In an unhinged screed, Slate’s Mark Joseph Stern contends that Donald Trump’s baseless claim that federal district judge Gonzalo P. Curiel should recuse himself from litigation involving Trump University is similar in nature to the arguments that I and others, in a supposed campaign of “character assassination,” advanced for Judge Vaughn Walker’s recusal from the anti-Prop 8 case. That contention is frivolous and insipid.
Stern contends that I argued that Walker “was incapable of impartiality due to his [sexual] orientation.” But in the first of my two writings he links to, I stated (emphasis added):
In terms of his judicial performance in the anti-Proposition 8 case, the bottom-line question that matters isn’t whether Walker is straight or gay. It’s whether he is capable of ruling impartially. I have no reason to doubt that there are homosexuals who could preside impartially over this case, just as I have no reason to doubt that there are heterosexuals whose bias in favor of, or against, same-sex marriage would unduly skew their handling of the case.
And in the second, I present this argument (emphasis added):
In taking part in the Perry case, Judge Walker was deciding whether Proposition 8 would bar him and his same-sex partner from marrying. Whether Walker had any subjective interest in marrying his same-sex partner — a matter on which Walker hasn’t spoken — is immaterial under section 455(a). (If Walker did have such an interest, his recusal also would be required by other rules requiring that a judge disqualify himself when he knows that he has an “interest that could be substantially affected by the outcome of the proceeding.”) Walker’s own factual findings explain why a reasonable person would expect him to want to have the opportunity to marry his partner: A reasonable person would think that Walker would want to have the opportunity to take part with his partner in what “is widely regarded as the definitive expression of love and commitment in the United States.” A reasonable person would think that Walker would want to decrease the costs of his same-sex relationship, increase his wealth, and enjoy the physical and psychological benefits that marriage is thought to confer.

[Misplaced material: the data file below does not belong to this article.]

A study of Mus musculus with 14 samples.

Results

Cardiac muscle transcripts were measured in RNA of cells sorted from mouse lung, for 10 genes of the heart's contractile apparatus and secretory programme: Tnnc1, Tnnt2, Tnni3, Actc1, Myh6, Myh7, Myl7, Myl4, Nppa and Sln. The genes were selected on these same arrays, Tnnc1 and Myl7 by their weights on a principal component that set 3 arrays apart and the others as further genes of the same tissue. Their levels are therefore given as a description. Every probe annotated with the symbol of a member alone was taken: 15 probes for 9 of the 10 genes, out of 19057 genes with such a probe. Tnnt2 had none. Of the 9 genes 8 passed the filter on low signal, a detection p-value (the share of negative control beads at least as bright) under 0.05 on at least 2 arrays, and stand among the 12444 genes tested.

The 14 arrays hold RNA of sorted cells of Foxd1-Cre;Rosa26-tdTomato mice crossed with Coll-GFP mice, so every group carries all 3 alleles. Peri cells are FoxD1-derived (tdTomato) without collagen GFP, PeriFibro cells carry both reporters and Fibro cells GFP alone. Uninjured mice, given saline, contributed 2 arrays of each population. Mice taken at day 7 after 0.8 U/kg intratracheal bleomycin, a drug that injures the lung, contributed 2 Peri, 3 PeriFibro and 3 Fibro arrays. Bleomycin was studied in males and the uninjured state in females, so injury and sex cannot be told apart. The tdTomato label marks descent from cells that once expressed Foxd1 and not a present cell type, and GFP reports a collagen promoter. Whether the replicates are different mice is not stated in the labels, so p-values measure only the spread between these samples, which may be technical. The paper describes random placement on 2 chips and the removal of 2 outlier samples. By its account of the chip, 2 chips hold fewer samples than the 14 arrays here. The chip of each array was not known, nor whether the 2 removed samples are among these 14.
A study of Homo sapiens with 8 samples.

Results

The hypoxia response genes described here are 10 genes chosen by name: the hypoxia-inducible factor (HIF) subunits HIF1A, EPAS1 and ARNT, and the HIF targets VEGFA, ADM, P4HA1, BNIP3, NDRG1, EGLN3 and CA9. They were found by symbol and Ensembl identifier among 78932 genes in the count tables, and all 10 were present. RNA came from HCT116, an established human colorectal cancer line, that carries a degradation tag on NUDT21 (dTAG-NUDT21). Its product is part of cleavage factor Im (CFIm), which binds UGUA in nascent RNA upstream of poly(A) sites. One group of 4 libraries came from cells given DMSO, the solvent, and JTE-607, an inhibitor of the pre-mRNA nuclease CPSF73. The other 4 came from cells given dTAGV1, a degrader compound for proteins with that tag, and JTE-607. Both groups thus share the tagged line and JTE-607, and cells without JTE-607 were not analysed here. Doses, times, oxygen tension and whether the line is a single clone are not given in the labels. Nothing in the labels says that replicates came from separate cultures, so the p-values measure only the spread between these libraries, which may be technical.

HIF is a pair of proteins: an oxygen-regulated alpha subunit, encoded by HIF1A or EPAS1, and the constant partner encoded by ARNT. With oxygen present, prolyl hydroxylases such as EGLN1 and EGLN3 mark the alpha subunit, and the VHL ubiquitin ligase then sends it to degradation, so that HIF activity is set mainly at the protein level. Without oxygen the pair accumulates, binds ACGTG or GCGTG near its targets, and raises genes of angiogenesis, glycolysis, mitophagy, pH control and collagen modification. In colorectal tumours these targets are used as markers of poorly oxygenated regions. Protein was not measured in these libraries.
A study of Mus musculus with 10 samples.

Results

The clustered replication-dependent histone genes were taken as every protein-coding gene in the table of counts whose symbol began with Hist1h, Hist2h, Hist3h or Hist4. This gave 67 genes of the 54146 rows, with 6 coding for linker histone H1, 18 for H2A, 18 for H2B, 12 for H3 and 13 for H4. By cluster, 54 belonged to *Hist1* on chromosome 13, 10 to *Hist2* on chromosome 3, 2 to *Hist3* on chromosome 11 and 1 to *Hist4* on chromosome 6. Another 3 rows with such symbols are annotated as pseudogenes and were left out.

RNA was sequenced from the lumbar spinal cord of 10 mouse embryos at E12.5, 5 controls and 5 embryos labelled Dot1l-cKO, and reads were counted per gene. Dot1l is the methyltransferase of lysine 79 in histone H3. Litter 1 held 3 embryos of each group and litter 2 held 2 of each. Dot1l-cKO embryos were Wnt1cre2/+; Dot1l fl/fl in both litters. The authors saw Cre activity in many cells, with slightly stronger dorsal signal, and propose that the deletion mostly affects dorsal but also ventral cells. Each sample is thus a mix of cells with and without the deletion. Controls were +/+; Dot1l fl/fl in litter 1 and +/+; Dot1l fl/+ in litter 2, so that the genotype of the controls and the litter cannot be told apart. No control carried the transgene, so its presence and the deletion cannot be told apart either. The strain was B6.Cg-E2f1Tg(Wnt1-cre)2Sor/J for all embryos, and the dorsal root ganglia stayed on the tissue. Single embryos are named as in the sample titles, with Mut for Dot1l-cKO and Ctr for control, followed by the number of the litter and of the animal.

Because Walker was deciding how the law in the very jurisdiction in which he lived would directly govern his own individual rights on a matter that a reasonable person would think was very important to Walker personally, it is clear that Walker’s impartiality in Perry “might reasonably be questioned.”
Perhaps there is reasonable room to disagree with my (and the Prop 8 defenders’) argument (though Walker’s defenders at the time didn’t meaningfully engage it, and neither did the judge who ruled that Walker wasn’t obligated to disqualify himself), but I don’t see how anyone could regard that argument as remotely similar to Trump’s.
(The remaining allegations that Stern levels against me are also wrong, as anyone who reads the materials he links to will discover.)